I have spent the past week on an island with my wife’s family. As far as islands go, it is beautiful. The water is bright blue and perfectly clear which makes for great snorkeling on the reef. Most people ride bicycles during their stay on the island but there are also cars. While riding with my daughter local yelled at me from a van that good parents teach their kids to ride on the right side of the road. Now, she’s 7 years old, still learning to ride, and telling left from right is tricky enough (not to mention that she had just come away from the curb). The comment from the local person was just out of line. It was not an isolated incident. My father-in-law experienced something similar when he asked someone to slow down and some of the store holders seemed just irritated when asked a question.
I’ve been asking myself how people see us as followers of Jesus in recent days. Followers of Jesus should be among the most hospitable people. We follow a redemptive God – a God who takes broken things and turns them into something beautiful. Jesus takes us as we are and joins us to God. He makes our lives beautiful. And it is this Jesus we represent. The apostle Paul calls us ambassadors of Jesus. This means that our very lives should reflect what Jesus is like. But how well do we do this?
I think that most of us try to represent Jesus really well but so often people are negative toward Jesus followers. Jesus may be okay but not Christians. They are hypocritical and full of judgement. Jesus offers people freedom, but many see Christians as bringing rules. I’m not saying I agree with these views, but they do show that many people see a disparity between Jesus and his followers. What I find concerning is that it seems like your average non-Jesus follower perceives us in a similar way as I did the van driver.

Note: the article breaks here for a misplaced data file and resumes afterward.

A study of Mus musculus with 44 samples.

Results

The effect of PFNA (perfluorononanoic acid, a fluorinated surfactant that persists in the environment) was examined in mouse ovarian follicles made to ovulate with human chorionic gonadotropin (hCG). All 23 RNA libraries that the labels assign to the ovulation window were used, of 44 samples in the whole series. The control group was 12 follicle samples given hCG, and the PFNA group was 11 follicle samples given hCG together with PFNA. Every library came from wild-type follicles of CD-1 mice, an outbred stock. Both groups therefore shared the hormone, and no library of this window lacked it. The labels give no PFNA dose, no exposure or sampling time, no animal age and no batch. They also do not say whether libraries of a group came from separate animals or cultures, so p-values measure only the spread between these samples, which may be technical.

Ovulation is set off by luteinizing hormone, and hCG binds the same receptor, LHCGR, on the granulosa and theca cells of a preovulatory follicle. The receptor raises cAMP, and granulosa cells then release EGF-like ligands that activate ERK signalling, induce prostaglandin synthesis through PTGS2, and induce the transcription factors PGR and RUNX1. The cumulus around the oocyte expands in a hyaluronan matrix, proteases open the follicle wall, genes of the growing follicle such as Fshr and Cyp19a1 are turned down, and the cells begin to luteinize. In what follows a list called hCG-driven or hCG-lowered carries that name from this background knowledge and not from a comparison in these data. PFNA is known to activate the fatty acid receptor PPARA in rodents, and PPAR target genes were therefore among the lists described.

Not all of the local people of the island were like this. In fact, the majority were very hospitable. Take for example our hosts. He jumped out of his seat at a restaurant, hopped in his van and offered us a ride home when he saw us walk past. He didn’t just see a need and act but went out of his way, at his own expense to meet it. This is true hospitality. And it’s moments like these that help make a holiday special.
Time to make a choice.
So back to my question about how this relates to followers of Jesus. It’s simple really. You have a choice to make. People see what Jesus is like by watching you. You are his representative. And you get to invite others to join your pursuit of him. Will you be like the van driver who left a bad taste in my mouth? Or will you take steps toward true, sacrificial hospitality?